Monday 6 November 2023


    Lately, I’ve found myself wondering, what if. . . .What if, archaeologists one day discover the remains of a fourth Wiseman who didn’t quite make it to Bethlehem? What if, perhaps having consumed too much wine and then having found himself separated from the other three (who went on to become famous), he followed the wrong star east and the donkey on which he was riding, stumbled over a cliff?

    Or what if, global recession forces Santa to close his factories at the north pole and shift production to China adding thousands of unemployed Elf migrants to our already over-stretched social housing lists and having to claim benefits. Mr Rumplestiltskin, with his ability to weave straw into gold would no doubt be inundated with job offers in today’s economic climate, but who would employ an Elf that can only build toys?

    Unsure whether I can enjoy Christmas anymore, these are the genre of ‘…and finally…’ news reports I would rather listen to, than the more familiar ‘how many more shopping days left’ news reports we will soon start hearing on our radios and televisions.

    Because, as usual, even before I've even consumed a mince pie or strung a silver bauble from my tree, the January sales will have already started with TV commercials seducing the masses into parting from their cash faster than a pick-pocket extracts cash from a victim in London’s Oxford Street.

    During the next few weeks we will give liberty to consumption and greed as consumerism reaches new levels of depravity and children write ‘must have’ wish lists totalling more than I paid for my first car, despatching them no doubt by email or text message.

    Is it any wonder then, that our inordinate appetite to satiate Christmas expectations leave so many of us in debt and utterly miserable. Children, become slaves to trepidation at the thought of saving enough pocket money in order to buy pleasing gifts while grown-ups implement creative accounting strategies to stockpile enough food and beer to sustain an average family for six months in a nuclear bunker.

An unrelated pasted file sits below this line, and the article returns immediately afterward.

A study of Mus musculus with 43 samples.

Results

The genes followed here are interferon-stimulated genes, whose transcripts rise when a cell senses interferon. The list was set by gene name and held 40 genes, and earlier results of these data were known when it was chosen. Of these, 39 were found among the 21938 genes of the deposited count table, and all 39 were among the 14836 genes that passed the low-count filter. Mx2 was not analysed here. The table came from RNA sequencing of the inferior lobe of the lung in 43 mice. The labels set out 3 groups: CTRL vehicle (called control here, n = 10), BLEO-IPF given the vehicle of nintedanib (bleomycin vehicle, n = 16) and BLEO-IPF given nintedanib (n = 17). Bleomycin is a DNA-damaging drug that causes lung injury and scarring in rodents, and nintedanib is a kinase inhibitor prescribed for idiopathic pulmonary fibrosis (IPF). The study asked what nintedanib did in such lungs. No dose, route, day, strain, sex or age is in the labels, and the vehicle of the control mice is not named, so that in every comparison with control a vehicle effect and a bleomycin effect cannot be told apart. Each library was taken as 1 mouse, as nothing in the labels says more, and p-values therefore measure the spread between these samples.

What if then, if we could teach ourselves and our children to understand a little more about some of the traditions surrounding this midwinter festival, and less about consumerism, we may all then learn to be content in the absence of procurement and be thankful for what we already have.

    The magic of Christmas that I grew up with has long since past. The traditional twelve days of Christmas, in better days - a duration of modest celebration, has been replaced by a chip and pin extravaganza while seasons greetings are now delivered to me by text message leaving my mantelpiece bare. (Note: If you can’t be bothered or just don’t like buying cards, then try picking up the phone and speaking)

    We may well muse that when Pope Julius Ist declared in the fourth century that Christ's official birthday would be held on the 25th of December, he didn't envisaged the festivities being whitewashed by commerce with such wrath, sixteen hundred years later.

    I remember my joy as a child one Christmas morning unwrapping a magic set, a Slinky and a chocolate selection box. Nowadays, failed lazy broods stomp their feet and demand overpriced brain deprivation technology of any nature, just so long as it plugs into the back of a television set.

    Never shall I spawn a child so repellent, preferring to tutor healthy activities far removed from the mire of a plasma screen.

    I admire other world cultures and their ability to embrace contentment through modest expectation, unlike this wretched country where people are judged according to what gadgetry they possess and where contentment is a commodity to be purchased.

What if then, Santa, whose iconic image is more prevailing than Che Guevara’s and symbolic of modern consumerism and greed, is killed off in an arranged freak accident? Christmas could then be re-invented in a traditional vein with children in their formative years including my own, being raised on minimum expectations and with the ability to be content in the absence of overpriced, brain dumbing and pointless consumer goods . . . have a good Christmas!